Thu, Apr 14, 2016 - Page 13 News List

Lawmakers slam FSC’s handling of OBI Pharma case

By Ted Chen  /  Staff reporter

Lawmakers on the legislature’s Finance Committee yesterday said they are unhappy with the Financial Supervisory Commission’s reluctance to shed light on information related to recent controversies surrounding biotechnology company OBI Pharma Inc (台灣浩鼎).

At a closed-door meeting with the commission officials, lawmakers across party lines demanded to know the identities of investors and institutions who had sold short on OBI shares to take advantage of bearish bets, but to no avail.

Chinese Nationalist Party (KMT) Legislator William Tseng (曾銘宗), the former commission chairman, had listed the identities of beneficial owners of two offshore entities found among OBI Pharma’s top 10 stakeholders, as well as investors and institutions involved in a spike in short interest in the company as prospects turned sour.

However, the commission said that it cannot provide details as prosecutors have launched investigations into alleged market manipulation and insider trading.

“The case remains murky without these key facts,” KMT Legislator Lai Shyh-bao (賴士葆) said.

Lai said the commission acknowledged that more than 4 million OBI Pharma shares were loaned to investors and institutions for short bets, with interest fees averaging between 7 percent and 12 percent, but that it refused to provide further details.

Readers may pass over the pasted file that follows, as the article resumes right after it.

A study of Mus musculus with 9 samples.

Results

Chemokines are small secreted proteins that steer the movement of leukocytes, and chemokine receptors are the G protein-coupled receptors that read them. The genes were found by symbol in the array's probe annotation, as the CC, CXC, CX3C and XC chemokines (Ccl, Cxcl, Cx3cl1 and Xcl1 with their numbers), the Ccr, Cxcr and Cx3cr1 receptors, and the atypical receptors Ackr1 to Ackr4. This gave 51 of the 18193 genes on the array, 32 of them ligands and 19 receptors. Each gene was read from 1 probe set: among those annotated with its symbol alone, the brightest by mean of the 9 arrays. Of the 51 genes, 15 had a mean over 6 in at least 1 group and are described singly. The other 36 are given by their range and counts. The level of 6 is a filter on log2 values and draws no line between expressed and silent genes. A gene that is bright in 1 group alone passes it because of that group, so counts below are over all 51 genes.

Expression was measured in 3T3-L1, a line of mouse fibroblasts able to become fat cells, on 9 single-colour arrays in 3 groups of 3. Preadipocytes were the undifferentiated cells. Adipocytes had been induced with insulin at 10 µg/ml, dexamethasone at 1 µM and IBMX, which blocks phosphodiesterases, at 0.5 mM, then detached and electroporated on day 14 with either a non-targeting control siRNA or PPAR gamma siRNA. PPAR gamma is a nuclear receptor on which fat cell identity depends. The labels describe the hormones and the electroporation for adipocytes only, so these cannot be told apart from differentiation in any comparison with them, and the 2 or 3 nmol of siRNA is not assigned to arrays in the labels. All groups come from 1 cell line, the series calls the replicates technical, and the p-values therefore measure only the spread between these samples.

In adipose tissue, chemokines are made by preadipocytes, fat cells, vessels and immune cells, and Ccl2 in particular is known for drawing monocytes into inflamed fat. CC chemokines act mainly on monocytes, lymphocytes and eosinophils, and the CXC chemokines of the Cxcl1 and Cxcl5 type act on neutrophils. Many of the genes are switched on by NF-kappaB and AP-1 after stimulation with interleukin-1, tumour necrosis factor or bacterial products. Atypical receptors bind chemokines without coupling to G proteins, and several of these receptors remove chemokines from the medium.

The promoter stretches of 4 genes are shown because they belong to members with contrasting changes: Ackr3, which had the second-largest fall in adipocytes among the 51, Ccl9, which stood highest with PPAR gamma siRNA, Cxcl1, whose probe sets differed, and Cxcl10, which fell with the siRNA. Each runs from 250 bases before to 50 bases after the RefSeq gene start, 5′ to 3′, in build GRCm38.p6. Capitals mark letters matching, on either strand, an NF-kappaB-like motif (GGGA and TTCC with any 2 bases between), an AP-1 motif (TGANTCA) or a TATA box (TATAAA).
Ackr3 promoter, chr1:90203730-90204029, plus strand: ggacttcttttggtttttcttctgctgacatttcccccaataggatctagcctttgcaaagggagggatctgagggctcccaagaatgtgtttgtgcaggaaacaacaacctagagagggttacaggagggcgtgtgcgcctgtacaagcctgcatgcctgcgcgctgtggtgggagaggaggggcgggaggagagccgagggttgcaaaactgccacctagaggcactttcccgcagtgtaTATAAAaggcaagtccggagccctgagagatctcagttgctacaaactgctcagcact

Lawmakers vowed to form a “document request committee” to obtain the facts they need.

OBI Pharma’s share price has gone through a precipitous tumble after the company announced discouraging results from a clinical trial for a new breast cancer vaccine on Feb. 21.

As the stock’s price tanked, allegations arose that a number of company executives and interested parties had profited by acting on non-public information, selling part of their holdings ahead of announcements that the drug’s third-phase clinical trials had shown “no statistical significance.”

The Chinese-language Next Magazine yesterday reported that prosecutors are looking into a number of institutions and active traders who borrowed NT$2.2 billion (US$68.01 million) worth of OBI shares for short sales. Many of the shares were loaned at exceedingly low interest rates of 0.01 percent, the report said, suggesting that the short sales were planned by the company’s major stakeholders.

The report also accused Academia Sinica President Wong Chi-huey (翁啟惠), a close collaborator with the company, and OBI chairman Michael Chang (張念慈) of market manipulation.

Wong and Chang had publicly supported the company’s prospects in a bid to calm panicked retail investors to ensure maximum profits for short sellers, the report said.

Wong, who is currently on leave in the US, said in a statement released on Thursday last week that he sold 10,000 of his daughter’s OBI shares on her behalf on Feb. 18, on the advice of a stockbroker.

Lawmakers have demanded Wong return to Taiwan to explain his daughter’s OBI shareholding and how she sold shares just before prices tanked.

The commission said it is revising regulatory guidelines on biotechnology stocks to expand stock trading restrictions imposed on company insiders and raise awareness of risks associated with the sector’s make-or-break nature, where companies do not produce steady revenue streams leading up to the successful commercialization of new drugs.